World health officials have issued their strongest warning yet about the global threat posed by bird flu.
The virus is usually passed to humans from infected birds
The world is now in the gravest possible danger of a human flu pandemic triggered by the virus, Dr Shigeru Omi told a conference in Vietnam.
The World Health Organisation fears bird flu may get deadlier if it mutates into a form that could be easily transmitted between humans.
Thirteen people have died in Vietnam from the virus since December.
Governments need to take quick action to control the virus's spread, Dr Omi added.
H5N1 BIRD FLU VIRUS
Principally an avian disease, first seen in humans in Hong Kong, 1997
Almost all human cases thought to be contracted from birds
Isolated cases of human-to-human transmission in Hong Kong and Vietnam, but none confirmed
Bird flu is proving resistant to treatments and has appeared in animals including cats and tigers which had not been considered susceptible to the virus.
Last year bird flu swept through poultry in a dozen countries and killed 45 people.
About 140 million birds died or were slaughtered in an effort to contain the outbreak.
"If the virus becomes highly contagious among humans, the health impact in terms of deaths and sickness will be enormous," Dr Omi said.
Dr Omi told the United Nation's Food and Agriculture Organization conference in Ho Chi Minh City "the world is now in the gravest possible danger of a pandemic".
Such outbreaks usually occur every 20 to 30 years, he said.
The last one was nearly 40 years ago, so by this measure an outbreak was overdue.
Duty to help
Dr Omi said avian flu had the potential to kill more people than Severe Acute Respiratory Syndrome (SARS), which killed about 800 people two years ago.
He said WHO was calling on governments to develop contingency plans in case of an outbreak.
However, he added that the virus, also called H5N1, had not yet "gained the potential for efficient human-to-human transmission" which would make it far more deadly.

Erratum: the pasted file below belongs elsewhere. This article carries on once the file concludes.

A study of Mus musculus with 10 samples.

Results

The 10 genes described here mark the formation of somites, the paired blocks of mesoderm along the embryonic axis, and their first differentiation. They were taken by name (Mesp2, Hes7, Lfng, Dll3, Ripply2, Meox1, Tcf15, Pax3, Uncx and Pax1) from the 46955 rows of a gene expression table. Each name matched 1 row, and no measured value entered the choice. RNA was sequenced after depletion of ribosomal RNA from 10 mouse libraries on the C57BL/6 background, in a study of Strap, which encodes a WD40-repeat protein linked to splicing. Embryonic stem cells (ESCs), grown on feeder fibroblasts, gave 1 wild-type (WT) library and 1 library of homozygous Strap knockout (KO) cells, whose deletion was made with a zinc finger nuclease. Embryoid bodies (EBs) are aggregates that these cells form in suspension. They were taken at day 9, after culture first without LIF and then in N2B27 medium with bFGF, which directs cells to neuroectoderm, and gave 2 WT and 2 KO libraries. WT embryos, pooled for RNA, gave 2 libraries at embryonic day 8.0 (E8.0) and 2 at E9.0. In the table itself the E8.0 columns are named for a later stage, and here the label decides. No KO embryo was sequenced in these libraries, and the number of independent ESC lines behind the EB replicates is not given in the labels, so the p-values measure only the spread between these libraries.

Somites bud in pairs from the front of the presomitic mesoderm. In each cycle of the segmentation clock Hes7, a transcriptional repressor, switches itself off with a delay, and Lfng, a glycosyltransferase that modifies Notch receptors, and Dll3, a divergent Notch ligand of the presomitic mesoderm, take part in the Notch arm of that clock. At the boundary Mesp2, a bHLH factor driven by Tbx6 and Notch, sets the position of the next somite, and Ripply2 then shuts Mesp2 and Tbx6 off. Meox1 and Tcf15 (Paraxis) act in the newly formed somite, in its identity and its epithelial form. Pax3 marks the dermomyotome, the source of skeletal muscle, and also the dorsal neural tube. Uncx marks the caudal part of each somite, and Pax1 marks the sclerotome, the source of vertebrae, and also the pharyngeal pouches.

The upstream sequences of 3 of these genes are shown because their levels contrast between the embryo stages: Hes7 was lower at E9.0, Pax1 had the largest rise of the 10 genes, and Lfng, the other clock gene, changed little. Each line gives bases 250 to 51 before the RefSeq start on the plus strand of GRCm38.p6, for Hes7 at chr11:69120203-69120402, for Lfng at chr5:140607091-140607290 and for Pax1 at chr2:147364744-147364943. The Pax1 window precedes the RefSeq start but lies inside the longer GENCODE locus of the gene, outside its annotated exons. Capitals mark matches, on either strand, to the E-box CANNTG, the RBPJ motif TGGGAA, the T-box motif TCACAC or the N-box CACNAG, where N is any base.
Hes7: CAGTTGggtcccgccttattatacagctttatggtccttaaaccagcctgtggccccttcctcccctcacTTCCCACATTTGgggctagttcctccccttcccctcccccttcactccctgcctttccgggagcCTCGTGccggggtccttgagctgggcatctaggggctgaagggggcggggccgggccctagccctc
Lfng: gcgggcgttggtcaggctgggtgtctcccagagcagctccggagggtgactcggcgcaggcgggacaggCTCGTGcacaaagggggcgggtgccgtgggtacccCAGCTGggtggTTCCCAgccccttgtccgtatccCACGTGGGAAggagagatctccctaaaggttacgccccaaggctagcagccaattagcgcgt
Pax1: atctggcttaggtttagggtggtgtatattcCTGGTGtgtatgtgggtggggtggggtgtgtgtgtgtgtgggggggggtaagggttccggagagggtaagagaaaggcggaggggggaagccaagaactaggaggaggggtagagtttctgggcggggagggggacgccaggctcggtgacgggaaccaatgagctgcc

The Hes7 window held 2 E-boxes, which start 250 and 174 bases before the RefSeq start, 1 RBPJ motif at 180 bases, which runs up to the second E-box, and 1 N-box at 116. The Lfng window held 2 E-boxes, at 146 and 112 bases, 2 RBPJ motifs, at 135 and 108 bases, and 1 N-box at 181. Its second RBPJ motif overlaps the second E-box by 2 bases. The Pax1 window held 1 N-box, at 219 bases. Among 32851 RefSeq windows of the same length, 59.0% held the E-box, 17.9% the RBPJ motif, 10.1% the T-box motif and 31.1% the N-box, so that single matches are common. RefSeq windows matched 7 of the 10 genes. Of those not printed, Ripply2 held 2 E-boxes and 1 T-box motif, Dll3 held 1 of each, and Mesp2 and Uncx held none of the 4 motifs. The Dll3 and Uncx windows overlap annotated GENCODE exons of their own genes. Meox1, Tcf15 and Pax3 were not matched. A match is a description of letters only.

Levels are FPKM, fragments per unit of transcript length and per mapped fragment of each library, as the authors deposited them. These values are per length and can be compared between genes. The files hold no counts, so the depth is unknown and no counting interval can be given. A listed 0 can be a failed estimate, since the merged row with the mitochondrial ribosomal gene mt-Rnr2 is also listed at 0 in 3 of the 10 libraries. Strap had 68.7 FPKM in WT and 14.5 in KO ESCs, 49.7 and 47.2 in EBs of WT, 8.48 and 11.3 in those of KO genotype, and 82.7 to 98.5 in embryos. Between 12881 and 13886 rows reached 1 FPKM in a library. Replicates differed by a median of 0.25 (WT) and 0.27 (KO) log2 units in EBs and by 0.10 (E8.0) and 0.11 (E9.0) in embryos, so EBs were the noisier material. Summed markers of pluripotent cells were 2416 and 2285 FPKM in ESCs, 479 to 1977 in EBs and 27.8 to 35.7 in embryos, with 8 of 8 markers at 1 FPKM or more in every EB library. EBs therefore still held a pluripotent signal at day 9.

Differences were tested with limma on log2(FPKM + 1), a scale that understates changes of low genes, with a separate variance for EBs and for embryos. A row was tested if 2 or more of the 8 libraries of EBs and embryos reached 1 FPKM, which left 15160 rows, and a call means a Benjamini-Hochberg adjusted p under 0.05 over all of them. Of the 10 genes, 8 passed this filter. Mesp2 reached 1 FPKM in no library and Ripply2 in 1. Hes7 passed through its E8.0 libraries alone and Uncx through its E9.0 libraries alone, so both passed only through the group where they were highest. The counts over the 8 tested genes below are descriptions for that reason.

The conference is focusing on controlling the spread of the disease amongst poultry populations in South Asian countries.
Curbing the disease in this way would also help prevent bird flu spreading to countries outside the area, delegates said.
Dr Samuel Jutzi, of the Food and Agriculture Organization, told the conference: "There is an increasing risk of avian influenza spread that no poultry-keeping country can afford to ignore."
The WHO has previously called on governments around the world to stockpile vaccines so they would be prepared should the feared pandemic occur.
The United States has contracted for 4 million vaccine doses, while Italy and France anticipate stockpiling 2 million doses each, New Scientist magazine recently reported.
In the UK, the Department of Health has said it has no plans to stockpile vaccines, because of the difficulty of designing one in advance which will act against a mutated virus.
However, it has said it will provide anti-viral drugs to key groups such as health workers and emergency services.
Delegates at the three-day Vietnam conference heard avian flu was now entrenched in the bird population of south-east Asia and would probably persist for many years.
UN officials said it was the common duty of governments around the world to provide practical support to South East Asia to help tackle the disease.